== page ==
Sunday, December 03, 2006

Gignilliat on sunergei in Rom 8.28

Over at Biblica, there is an article by Mark Gignilliat entitled "Working Together with Whom? Text-Critical, Contextual, and Theological Analysis of sunergei in Romans 8,28".

The text-critical issue that he deals with is whether or not one should prefer some mss that make theos the subject of the verb sunergei (supported by P45 A 81 sa [Coptic] Origen) or those that omit theos and make panta the subject (Aleph C D F G etc). There are theological implications to the text-critical choice made here. Gignilliat writes: "In other words, this text is a classic example of where text-critical arguments and internal evidence may be at loggerheads." His own approach to prefer theos for textual, contextual, and theological reasons.


  1. I am of the opinion that this issue is two sides of the same coin. God actively, intentionally, purposefully, is the first cause of everything that comes to pass while the circumstances, means, events, etc are the simple effects, outworkings and ends thereof.

    For example, a scandal in the church can cause deep contrition and cause a closer walk with the Lord or it can be harden the sinner and cause them to turn away. God is however the ruler and overruler of it all.

  2. It should also be pointed out that the reading with or without QEOS as subject can and should be understood in the 3rd person verbal ending of SUNERGEI. PANTA is perhaps better undertstood as the direct object since God a person is intelligently active in his creation and in our individual lives.

  3. I have a question for you more experienced textual critics. What is an edition of the Greek New Testament that comes closest to having an exhaustive textual apparatus, that is one which lists all the variant?

  4. Josiah,
    I love that question. I am not one of the people who could give a very well-informed answer. But I have a feeling that it would actually require several different answers depending on what kind of exhaustiveness and limitations you have in mind. For example, if you're thinking about a rather limited corpus of Scripture, such as...oh...say the book of Jude, or the pericope adulterae, it might be that the most exhaustive information will be found in somebody's dissertation or journal article. But even if you want something that is not so limited in breadth of the canon, the options might have other areas of give and take in exhaustiveness. For example, do you want an apparatus with the most exhaustive listing of sources; or do you want one that addresses the most variants; or do you want one that most exhaustively describes the actual readings of each witness (rather than just grouping them together for generally supporting this or that reading); or are you interested in something hefty but also affordable?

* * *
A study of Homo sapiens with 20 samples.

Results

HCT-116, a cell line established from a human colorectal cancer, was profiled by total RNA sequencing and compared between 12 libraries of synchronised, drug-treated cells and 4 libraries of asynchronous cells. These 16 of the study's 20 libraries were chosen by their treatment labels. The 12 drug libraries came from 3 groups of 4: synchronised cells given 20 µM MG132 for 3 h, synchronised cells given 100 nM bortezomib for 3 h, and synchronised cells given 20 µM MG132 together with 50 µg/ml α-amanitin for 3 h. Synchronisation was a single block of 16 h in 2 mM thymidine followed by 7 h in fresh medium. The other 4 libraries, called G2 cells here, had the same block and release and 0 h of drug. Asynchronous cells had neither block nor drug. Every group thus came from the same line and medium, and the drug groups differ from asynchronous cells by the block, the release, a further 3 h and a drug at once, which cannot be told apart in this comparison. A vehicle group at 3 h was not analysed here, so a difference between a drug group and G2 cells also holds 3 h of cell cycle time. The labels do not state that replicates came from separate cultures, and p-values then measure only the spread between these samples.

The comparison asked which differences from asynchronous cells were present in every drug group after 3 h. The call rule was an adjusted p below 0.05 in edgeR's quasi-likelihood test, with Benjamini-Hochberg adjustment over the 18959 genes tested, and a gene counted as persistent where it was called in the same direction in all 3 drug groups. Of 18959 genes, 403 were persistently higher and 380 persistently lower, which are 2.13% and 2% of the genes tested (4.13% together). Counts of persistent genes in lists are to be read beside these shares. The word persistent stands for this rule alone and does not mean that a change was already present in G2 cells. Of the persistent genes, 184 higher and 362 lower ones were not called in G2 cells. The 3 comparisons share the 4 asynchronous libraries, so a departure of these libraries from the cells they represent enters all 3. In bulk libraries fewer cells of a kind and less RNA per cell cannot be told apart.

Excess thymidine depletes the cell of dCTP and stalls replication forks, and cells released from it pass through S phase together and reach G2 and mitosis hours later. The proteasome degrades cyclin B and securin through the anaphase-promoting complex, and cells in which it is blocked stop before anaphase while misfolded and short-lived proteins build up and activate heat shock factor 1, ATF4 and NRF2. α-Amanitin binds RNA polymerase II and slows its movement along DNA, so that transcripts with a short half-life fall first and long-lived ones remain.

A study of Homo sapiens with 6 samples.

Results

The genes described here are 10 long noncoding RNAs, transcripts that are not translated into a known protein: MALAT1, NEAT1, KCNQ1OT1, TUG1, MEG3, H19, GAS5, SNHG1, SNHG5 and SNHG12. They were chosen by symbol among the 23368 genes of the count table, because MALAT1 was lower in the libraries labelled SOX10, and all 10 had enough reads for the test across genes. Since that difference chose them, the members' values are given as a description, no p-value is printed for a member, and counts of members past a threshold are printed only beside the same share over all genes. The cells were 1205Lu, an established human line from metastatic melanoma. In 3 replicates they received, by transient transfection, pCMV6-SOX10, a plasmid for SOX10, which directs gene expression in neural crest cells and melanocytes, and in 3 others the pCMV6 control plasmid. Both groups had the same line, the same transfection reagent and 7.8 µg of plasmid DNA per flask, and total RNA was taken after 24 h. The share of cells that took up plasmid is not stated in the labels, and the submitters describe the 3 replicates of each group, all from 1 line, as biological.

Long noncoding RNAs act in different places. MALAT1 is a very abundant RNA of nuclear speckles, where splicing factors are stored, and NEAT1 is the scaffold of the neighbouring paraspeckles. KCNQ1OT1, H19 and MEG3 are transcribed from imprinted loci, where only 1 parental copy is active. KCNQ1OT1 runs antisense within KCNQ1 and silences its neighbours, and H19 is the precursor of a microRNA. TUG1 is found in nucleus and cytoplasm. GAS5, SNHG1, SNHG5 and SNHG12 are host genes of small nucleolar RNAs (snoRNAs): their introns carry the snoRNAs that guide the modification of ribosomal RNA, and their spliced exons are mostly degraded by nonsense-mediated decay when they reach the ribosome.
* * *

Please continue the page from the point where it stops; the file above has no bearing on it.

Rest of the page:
I would love to see something like an annotated bibliography of the major NT TC resources that describes what make each one special. I have a vague understanding of things like Text und Textwert, the Editio Critica Maior, the Swanson books, and Tischendorf. But I would love to see an online resource that would explain what all is out there and help me straighten them all out and know where to look for a particular type of TC issue.
    That kind of thing would make for a definite best of post at ETC!

  5. Many very good thoughts and clearer specifications there, Eric. I was thinking of an edition of the entire Greek New Testament with an apparatus addressing as many variants as possible (with as much information about sources as possible - but as a secondary criterion). It would also need to be at an affordable rate, which is not likely for a college student.
    I was studying the text of Romans 9.11 for a paper today, and found that Tischendorf has several readings that neither UBS or NA list.
    Anyway, such an annotates list as you speak of would be of great service, esp. to novices like myself.

  6. Peter Rodgers writes: Readers of this blog may be interested in my study of Romans 8:28 in JTS 46 (1995) pp. 547-550.

  7. Peter, I am definitely interested in your paper. I have Gignilliat's paper, and would be interested in your's as well. You can contact me at

  8. I just read Gignilliat's article, and I want to know just how panta can be translated "in all things" (as he translates it near the end of his paper). Would it not have to be rather in the locative case? Perhaps some of you more familiar with Greek can enlighten me.

  9. According to that translation it might be an accusative of respect.